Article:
Global Jet Capital, a global provider of financing solutions for corporate aircraft, has seen a strong increase in enquiries to finance mid to heavy private jets.
Enquiries during the third quarter of this year were 59% higher than the second quarter of 2016, and 240% higher than the same period last year.
Global Jet Capital estimates that as much as $17.5bn of funding will be needed in 2017 for business jet deliveries. It estimates that around 27% of this will be raised by high net worth
individuals, with the rest evenly split between private and publicly listed companies.
The company currently has $2.5bn in assets under management, and is revealing today that around
67% of this is through leasing via an operating lease and the remaining 33% is where it has provided funding to clients via loans and capital leases.
Shawn Vick, Executive Director and Chairman of Executive Committee, Global Jet Capital, said: “The majority of acquisitions of new and pre-owned jets use third-party capital to fully or
partially fund the acquisition of the private aircraft they wish to use. We offer a range of tailored solutions and are seeing a growing interest across all of these.
“Combined, our management team has over 200 years of service to the private aircraft industry, and between us we have completed over 3,500 aircraft transactions. We have the
expertise, financial strength and industry relationships to develop tailored and flexible financing solutions for our clients.”
Global Jet Capital has over $1bn to
lend and describes the available finance options:
Leasing via an operating lease
In an operating lease the private aircraft (new or pre-owned) is purchased by a third-party financial institution (the lessor) and then leased to the operator (the lessee) for a stated term and
rent. The lease is documented as a contract between lessor and lessee with both parties having certain obligations to each other, primarily regarding the operation and care of the aircraft.
Title to the aircraft resides with the lessor, and the lessee enjoys the use of the aircraft as if it were their own.
The alternative to an operating lease is to retain ownership of the aircraft and use third-party financing for a portion of the acquisition cost. This could be a senior secured mortgage loan or
other financing structure, such as a finance lease.
In a typical loan structure, the third-party lender advances between 50% and 85% of the aircraft value to the borrower by way of a secured loan. The difference in advance rate may be a
result of the borrower’s credit status, the age or type of the aircraft, or other factors. The security interest is typically a mortgage interest in the aircraft, giving the lender a first-priority
security interest in the aircraft. This security interest is designed to offer the lender protection in the event of a default by borrower. Proceeds from liquidating the aircraft after a default are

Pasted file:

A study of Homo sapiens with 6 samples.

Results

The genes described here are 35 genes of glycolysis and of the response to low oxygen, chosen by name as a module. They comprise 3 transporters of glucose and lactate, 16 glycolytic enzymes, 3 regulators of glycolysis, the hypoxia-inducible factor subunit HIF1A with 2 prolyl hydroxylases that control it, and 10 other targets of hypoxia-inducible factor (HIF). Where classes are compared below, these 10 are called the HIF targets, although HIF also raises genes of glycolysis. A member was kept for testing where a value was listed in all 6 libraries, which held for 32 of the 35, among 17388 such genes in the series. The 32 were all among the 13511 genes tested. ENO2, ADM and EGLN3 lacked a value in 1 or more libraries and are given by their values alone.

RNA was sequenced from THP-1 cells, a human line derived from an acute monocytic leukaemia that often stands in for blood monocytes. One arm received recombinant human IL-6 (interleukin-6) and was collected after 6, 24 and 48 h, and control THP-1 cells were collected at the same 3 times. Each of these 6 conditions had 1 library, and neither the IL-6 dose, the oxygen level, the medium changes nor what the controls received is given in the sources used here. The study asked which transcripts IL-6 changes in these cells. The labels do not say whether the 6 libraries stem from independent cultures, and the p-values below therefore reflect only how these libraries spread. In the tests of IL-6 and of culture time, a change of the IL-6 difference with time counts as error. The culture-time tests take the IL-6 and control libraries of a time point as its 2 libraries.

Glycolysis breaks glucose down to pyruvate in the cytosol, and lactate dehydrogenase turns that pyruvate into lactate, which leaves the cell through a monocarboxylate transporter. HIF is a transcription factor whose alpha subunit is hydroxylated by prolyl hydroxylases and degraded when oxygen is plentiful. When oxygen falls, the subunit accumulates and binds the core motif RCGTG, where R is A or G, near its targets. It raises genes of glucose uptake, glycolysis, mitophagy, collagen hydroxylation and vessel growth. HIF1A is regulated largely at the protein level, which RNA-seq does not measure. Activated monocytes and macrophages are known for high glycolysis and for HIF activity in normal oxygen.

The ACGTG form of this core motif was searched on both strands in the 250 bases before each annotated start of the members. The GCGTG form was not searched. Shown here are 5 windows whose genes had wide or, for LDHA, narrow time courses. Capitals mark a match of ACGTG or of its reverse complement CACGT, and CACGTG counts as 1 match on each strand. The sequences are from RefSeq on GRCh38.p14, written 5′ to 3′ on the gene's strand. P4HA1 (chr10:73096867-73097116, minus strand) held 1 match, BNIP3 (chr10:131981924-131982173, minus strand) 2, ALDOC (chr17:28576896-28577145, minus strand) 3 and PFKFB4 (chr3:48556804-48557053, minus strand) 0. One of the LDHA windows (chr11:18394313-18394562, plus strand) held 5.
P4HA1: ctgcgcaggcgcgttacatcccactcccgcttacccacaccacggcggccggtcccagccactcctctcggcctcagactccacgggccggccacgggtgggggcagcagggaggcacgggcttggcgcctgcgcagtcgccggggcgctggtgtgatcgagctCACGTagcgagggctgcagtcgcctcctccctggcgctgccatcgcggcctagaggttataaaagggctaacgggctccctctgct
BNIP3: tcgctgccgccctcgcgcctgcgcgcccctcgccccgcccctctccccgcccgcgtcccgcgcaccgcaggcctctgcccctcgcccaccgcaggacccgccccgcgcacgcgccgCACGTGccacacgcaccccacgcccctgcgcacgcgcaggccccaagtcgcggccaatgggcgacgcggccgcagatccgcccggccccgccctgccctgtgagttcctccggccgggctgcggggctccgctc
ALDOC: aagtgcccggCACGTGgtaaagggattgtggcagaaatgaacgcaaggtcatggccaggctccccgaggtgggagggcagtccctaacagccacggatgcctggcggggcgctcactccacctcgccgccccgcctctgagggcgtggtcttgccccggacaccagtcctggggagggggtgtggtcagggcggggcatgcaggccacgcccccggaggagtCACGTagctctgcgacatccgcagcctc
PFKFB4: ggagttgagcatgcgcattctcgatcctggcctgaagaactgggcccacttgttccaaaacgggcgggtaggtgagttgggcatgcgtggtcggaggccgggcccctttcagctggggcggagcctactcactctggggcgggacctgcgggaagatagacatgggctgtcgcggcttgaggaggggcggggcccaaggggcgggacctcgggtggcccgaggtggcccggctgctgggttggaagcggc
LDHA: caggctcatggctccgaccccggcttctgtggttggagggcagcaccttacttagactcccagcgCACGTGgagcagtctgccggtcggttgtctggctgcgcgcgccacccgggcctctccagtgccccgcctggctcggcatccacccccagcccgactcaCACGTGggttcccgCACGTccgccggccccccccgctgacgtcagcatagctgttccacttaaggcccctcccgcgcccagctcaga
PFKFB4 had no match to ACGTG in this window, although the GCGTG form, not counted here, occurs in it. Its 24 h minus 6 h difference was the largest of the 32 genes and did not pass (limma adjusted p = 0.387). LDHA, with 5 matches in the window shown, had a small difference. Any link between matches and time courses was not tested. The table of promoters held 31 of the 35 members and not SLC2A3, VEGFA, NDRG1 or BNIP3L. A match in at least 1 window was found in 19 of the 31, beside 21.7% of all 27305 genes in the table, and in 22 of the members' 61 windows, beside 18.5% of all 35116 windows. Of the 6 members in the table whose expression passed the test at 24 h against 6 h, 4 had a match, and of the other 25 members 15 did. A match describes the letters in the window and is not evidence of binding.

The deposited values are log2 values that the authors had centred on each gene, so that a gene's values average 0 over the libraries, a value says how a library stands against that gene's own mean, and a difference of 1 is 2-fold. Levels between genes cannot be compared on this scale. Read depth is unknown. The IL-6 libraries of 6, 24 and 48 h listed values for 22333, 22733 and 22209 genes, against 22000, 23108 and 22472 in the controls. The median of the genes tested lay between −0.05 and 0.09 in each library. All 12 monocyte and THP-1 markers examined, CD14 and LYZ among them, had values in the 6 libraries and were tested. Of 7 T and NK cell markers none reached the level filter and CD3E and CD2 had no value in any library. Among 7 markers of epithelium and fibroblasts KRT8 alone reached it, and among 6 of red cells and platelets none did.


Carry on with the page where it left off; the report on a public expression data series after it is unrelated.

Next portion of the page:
intended to repay the aircraft lender ahead of other creditors. Other loans may be available, particularly for individuals that have a substantial private banking relationship with a lender. In
such instances the underwriting of the loan may focus as much on the financial assets held by the individual as the aircraft in determining the nature of the financing.
Title to the aircraft typically remains with the borrower in the secured-loan structure. The loan is usually repaid over a multi-year period to a balloon amount (a lump sum payment at the
end of the loan repayment schedule). The loan, including the balloon payment at the end, is usually recourse to the borrower, meaning any deficiency the lender incurs (post default and
sale of the aircraft) will still be owed by the borrower. In certain non-recourse or limited-recourse loans, the borrower will have fewer obligations of this nature, but typically at a higher rate
An alternative to the senior secured loan is the finance lease. Unlike an operating lease, the lessee does not return the aircraft to the lessor at lease expiry. In a finance lease, the
operator makes scheduled lease payments along with a final balloon payment at the end of the multi-year finance lease term. When the final payment is made, title to the aircraft (which
had been held by the lessor) will transfer to the borrower. At this point in time the aircraft is fully owned by the lessee and there are no further financial obligations to
Global Jet Capital launched in 2014 and is capitalized by three global investment firms - GSO Capital Partners, a Blackstone company in partnership with Franklin Square Capital
Partners; The Carlyle Group; and AE Industrial Partners. In January 2016 Global Jet Capital completed the purchase of GE’s corporate aircraft lease and loan book in the Americas.